Not the ‘fairest’ sex

Transgender sprinters finish 1st, 2nd at Connecticut girls indoor track championships

In a February 20th post, Emoticon debate, I wrote about the differences between rational and emotional arguments, defining the latter as “appeal[ing] to deeply held moral intuitions.

I went on to take “a … look at … the benefits of individual responsibility and a peek at the biological basis for moral intuitions of fairness.

Intuitions about fairness are among our most fundamental.

“This deeply held moral intuition starts with biology and spreads to culturally enforced norms. It is not, as postmodernists would have it, solely about dominance and submission carving us into identity groups. The idea that power is everything informs much of the Left’s claims that they’re compassionate…”

Compassion for transgender males trumps compassion for feminism.  That’s about the relative power of identity groups, and explains the TERF war.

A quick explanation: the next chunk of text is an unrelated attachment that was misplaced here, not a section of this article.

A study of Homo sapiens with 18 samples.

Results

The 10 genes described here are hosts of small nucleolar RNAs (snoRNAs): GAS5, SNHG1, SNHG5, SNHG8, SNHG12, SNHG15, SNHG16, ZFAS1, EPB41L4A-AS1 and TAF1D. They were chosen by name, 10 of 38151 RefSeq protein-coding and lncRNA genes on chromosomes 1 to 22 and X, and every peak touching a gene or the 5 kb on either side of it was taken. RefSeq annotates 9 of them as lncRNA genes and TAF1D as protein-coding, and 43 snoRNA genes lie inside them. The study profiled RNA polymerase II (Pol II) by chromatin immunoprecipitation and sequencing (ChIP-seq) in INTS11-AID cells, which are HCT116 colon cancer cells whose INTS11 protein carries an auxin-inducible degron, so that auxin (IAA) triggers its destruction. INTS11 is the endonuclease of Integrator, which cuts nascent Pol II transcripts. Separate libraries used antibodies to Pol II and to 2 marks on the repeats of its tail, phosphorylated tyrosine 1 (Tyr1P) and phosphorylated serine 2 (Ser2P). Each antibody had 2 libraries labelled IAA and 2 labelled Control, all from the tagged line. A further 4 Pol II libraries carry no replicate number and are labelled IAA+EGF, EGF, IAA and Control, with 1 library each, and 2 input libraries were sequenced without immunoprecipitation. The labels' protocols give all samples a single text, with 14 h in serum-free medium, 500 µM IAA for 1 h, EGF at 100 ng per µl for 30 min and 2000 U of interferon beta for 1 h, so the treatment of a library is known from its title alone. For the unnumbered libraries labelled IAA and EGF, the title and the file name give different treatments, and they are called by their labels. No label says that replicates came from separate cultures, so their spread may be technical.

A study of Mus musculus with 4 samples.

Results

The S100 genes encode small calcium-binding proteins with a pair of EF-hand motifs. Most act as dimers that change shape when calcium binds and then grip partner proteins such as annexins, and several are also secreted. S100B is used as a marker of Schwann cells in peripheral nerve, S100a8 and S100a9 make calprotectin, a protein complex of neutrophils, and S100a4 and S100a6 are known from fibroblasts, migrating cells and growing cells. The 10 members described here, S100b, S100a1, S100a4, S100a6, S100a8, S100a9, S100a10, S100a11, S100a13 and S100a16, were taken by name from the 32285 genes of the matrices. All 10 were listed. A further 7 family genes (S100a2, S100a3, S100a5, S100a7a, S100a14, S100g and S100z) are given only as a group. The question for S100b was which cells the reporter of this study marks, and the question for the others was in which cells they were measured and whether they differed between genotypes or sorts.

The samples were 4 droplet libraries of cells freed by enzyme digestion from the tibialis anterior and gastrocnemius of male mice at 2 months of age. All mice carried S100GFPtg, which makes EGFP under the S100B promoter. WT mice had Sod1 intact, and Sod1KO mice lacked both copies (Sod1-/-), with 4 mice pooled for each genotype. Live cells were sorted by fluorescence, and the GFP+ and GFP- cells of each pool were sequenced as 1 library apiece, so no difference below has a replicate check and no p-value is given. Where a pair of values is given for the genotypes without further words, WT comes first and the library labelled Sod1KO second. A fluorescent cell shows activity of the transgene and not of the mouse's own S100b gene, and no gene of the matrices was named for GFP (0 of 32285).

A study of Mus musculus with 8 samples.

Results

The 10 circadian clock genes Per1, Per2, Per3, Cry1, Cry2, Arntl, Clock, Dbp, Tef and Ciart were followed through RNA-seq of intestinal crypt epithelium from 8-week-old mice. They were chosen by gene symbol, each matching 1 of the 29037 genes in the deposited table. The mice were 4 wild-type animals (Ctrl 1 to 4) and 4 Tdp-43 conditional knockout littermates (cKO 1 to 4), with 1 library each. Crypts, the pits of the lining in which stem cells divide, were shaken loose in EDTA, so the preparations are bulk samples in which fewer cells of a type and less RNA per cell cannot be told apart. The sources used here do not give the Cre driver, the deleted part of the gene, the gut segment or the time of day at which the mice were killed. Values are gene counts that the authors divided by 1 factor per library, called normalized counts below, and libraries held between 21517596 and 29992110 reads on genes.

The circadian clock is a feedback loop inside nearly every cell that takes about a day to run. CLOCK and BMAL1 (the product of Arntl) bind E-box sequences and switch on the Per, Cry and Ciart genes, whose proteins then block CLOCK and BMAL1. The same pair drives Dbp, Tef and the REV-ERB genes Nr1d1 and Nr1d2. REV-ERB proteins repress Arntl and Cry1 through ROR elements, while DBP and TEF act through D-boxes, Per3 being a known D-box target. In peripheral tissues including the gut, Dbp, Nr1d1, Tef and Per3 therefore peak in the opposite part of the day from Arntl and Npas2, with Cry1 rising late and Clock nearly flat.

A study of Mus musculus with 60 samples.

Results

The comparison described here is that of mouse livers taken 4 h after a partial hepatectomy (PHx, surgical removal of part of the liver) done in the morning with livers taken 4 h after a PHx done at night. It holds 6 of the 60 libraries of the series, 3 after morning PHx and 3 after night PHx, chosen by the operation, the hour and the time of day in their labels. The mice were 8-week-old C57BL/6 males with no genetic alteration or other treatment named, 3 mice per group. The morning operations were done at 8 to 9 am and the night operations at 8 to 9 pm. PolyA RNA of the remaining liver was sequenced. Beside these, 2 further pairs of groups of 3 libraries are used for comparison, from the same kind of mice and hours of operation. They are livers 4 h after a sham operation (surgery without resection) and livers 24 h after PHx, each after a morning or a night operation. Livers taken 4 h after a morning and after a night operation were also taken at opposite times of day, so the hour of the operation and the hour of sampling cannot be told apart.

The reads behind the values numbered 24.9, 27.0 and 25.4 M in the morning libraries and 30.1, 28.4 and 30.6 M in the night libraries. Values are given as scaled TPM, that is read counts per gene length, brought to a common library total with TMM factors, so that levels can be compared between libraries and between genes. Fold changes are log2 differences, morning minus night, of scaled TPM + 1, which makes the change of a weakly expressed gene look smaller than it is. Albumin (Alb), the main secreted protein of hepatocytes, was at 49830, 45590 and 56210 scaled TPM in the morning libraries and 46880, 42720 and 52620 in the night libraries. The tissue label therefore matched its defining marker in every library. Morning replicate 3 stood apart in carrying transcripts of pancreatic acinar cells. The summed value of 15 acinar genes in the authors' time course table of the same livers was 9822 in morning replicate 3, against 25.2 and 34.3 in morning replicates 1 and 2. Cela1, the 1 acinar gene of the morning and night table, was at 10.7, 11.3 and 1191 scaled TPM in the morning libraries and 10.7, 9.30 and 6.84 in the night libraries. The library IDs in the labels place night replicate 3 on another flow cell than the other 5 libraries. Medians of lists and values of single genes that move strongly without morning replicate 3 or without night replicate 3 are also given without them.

These boys set state records in a girls competition. That’s about the inherent biological power advantage of their legs.

Where’s a big, fat asterisk when you need one?

Where’s Title IX when you need it?

One of their competitors, Selina Soule, says the issue is about fairness on the track with wider implications. The Glastonbury High School junior finished eighth in the 55, missing out on qualifying for the New England regionals by two spots.

Soule believes that had Miller and Yearwood not run, she would be on her way to race in Boston in front of more college coaches.

If there was ever a winning combination of rational, science-based argument and primal emotional appeal, it would be that transgender males should be excluded from physical competition with females.

Yet that powerful combination has apparently lost the debate to irrationality combined with a Newspeak perception of fairness that is opposite to our basic instincts.

Could he have imagined this, Kurt Vonnegut would surely have written a section in Harrison Bergeron, where these males competing as females had 50 pound weights chained to their ankles to make it “fair.”  But the idea was too absurd even for the author of Wampeters, Foma and Granfalloons.